Asia

Rohingya crisis: UN aid call as '290,000 flee' Myanmar

Rohingya refugees wait inside a truck as they arrive at the Bangladesh border at Teknaf, Bangladesh, 9 September 2017 Image copyright EPA
Image caption The UN says 60,000 new shelters are needed

Aid groups urgently need $77m (£58m) to help Rohingya Muslims who have fled Myanmar for Bangladesh since violence erupted two weeks ago, the UN says.

About 290,000 Rohingya are said to have fled Rakhine state and sought shelter in Bangladesh since 25 August.

There is a desperate need for food, water and health services for new arrivals in Cox's Bazaar, the UN added.

Those fleeing say Myanmar's military are burning their villages - something the military denies.

The violence began on 25 August when Rohingya militants attacked police posts in Myanmar's northern Rakhine state.

Rohingya residents - a stateless, mostly Muslim minority in Buddhist-majority Myanmar - say the military and Rakhine Buddhists responded with a brutal campaign against them.

Myanmar rejects this, saying its military is fighting against Rohingya "terrorists".

Aid agencies in Bangladesh's Cox's Bazaar say they are overwhelmed by the numbers fleeing, while reporters at the scene have described seeing thousands of Rohingya waiting at roadsides, begging and chasing food trucks.

An AP reporter saw one man collapsing from hunger while queuing at a food distribution point.

The UN Resident Co-ordinator in Bangladesh, Robert Watkins, said: "With the movement of people showing no signs of stopping, it is vital that agencies working in Cox's Bazaar have the resources they need to provide emergency assistance to incredibly vulnerable people who have been forced to flee their homes and have arrived in Bangladesh with nothing."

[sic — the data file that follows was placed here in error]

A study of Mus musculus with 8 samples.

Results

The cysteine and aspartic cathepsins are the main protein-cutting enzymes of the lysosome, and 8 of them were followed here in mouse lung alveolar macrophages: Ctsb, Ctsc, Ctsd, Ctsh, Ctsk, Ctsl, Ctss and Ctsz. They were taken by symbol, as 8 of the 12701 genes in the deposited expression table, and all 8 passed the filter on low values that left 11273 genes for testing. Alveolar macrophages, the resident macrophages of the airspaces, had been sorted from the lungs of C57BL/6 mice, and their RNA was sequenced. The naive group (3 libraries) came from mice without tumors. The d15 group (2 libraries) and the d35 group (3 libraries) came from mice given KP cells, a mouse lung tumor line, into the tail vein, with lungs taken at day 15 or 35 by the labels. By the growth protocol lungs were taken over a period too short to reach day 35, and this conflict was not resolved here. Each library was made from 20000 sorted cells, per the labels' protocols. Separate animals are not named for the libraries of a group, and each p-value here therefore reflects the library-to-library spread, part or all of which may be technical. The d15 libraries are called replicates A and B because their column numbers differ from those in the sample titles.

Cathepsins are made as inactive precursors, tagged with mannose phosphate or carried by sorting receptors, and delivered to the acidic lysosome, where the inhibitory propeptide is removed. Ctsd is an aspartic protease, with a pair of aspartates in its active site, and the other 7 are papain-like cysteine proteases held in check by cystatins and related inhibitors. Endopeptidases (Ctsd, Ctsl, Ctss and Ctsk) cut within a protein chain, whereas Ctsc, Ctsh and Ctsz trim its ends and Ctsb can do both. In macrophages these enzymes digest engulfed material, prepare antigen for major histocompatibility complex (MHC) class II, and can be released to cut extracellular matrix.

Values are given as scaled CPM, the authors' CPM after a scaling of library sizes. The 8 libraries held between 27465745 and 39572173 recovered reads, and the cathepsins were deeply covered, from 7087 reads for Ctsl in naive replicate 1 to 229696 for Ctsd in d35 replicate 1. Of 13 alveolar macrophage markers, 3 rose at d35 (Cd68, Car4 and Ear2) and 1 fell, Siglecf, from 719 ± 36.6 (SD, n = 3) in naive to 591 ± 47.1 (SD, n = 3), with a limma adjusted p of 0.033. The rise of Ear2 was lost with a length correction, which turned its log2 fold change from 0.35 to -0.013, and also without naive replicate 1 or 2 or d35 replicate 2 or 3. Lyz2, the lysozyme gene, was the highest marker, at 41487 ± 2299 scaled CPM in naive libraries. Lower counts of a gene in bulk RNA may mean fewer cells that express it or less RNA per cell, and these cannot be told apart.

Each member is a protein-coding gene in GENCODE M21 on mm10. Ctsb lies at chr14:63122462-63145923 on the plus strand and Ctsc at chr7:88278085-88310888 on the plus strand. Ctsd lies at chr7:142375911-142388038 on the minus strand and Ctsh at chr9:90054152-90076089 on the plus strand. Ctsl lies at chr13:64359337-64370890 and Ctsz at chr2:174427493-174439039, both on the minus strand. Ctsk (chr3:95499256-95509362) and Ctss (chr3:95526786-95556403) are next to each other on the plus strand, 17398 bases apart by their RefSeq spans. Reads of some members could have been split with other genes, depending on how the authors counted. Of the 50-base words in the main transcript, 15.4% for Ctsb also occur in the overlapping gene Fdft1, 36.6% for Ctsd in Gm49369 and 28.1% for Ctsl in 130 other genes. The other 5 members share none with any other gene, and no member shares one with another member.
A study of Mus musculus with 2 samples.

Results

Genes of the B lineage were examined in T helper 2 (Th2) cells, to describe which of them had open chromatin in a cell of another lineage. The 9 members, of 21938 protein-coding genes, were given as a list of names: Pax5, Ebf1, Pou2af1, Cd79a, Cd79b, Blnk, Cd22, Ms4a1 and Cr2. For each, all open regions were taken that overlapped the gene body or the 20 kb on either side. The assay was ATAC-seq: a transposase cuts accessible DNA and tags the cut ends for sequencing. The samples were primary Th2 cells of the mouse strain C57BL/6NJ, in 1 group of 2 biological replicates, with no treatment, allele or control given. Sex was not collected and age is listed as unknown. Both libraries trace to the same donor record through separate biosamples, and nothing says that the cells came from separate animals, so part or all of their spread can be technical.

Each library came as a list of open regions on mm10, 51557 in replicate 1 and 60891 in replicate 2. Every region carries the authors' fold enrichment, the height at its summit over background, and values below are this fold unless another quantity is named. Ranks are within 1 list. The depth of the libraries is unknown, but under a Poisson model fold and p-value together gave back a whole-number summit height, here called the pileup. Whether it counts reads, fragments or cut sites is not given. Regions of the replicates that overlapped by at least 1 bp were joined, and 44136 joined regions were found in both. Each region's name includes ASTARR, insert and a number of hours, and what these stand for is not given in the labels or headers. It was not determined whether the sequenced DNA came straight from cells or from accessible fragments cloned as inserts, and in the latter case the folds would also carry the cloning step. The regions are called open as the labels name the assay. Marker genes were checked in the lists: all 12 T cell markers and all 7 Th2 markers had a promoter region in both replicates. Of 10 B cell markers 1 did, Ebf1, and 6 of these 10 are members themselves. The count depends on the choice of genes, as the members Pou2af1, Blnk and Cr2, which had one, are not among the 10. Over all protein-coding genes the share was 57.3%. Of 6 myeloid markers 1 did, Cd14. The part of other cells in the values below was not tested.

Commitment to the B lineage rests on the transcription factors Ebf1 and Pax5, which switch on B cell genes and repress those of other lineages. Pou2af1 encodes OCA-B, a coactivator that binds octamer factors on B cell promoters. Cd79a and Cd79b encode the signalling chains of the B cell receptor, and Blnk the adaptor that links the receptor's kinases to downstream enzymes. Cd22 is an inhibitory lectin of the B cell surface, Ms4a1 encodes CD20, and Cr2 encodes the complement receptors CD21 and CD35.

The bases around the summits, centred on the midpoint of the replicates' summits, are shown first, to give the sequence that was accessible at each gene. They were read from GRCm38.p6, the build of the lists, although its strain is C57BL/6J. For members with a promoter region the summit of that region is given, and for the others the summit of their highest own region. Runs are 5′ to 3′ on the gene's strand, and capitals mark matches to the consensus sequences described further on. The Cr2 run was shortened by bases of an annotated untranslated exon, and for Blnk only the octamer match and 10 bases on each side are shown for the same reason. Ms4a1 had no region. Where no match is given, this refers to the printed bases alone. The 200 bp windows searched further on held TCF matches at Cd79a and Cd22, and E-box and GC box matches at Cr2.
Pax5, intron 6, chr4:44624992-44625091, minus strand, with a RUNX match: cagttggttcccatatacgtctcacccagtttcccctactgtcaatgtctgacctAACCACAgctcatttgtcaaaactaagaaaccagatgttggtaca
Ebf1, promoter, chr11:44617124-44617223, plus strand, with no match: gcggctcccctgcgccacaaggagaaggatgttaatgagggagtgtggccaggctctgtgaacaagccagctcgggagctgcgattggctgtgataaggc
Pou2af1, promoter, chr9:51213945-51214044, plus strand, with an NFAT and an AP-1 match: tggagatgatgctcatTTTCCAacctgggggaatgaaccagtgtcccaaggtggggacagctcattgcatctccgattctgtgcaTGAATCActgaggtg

"There is now an urgent need for 60,000 new shelters, as well as food, clean water and health services, including specialist mental health services and support for survivors of sexual violence."


Those who have fled northern Rakhine state describe village burnings, beatings and killings at the hands of the security forces and Buddhist youths.

The Myanmar government says it is the Rohingya militants and the Muslim villagers themselves who are burning their own homes and attacking non-Muslims - many of whom have also fled the violence.

But a BBC reporter in Rakhine state on Thursday saw a Muslim village being burned, apparently by a group of Rakhine Buddhists, contradicting the official version of events.

Also on Saturday, rights group Amnesty International accused Myanmar's military of planting landmines at the border with Bangladesh, where many Rohingya are fleeing.

Bangladeshi border guards and villagers have told the BBC that they witnessed more than a hundred Myanmar soldiers walking by and apparently planting landmines at the border.

Bangladeshi officials have said they believe Myanmar government forces are planting the landmines to stop the Rohingya returning to their villages. They have summoned the Myanmar ambassador in Dhaka to protest over the matter.

A Myanmar military source said no landmines had been planted recently, while a government spokesman told Reuters more information was needed, adding: "Who can surely say those mines were not laid by the terrorists?"

Image copyright AFP
Image caption Aid groups say they are overwhelmed by the number of Rohingya fleeing Myanmar

The Rohingya plight is sparking concern and protests in many nations, and Myanmar's de facto leader Aung San Suu Kyi has been criticised for failing to protect them.

Various world leaders have urged Ms Suu Kyi, a Nobel Peace laureate who spent years under house arrest for her pro-democracy activism, to speak out on behalf of the Rohingya.

On Saturday, Malaysian Prime Minister Najib Razak said the Rohingya had received "no mercy" and been "tortured, discriminated, killed and raped". He added that the Myanmar government's lack of response was "disappointing".

Meanwhile, the Pakistani government said it had summoned Myanmar's ambassador in protest at "the ongoing violence against the Rohingya Muslims".

Earlier in the week, Ms Suu Kyi - who faces strong anti-Rohingya sentiment in Myanmar - claimed the crisis in Rakhine state was being distorted by a "huge iceberg of misinformation".

She subsequently said that Myanmar had "to take care of everybody who is in our country, whether or not they are our citizens", and said Myanmar would "try our best" despite inadequate resources.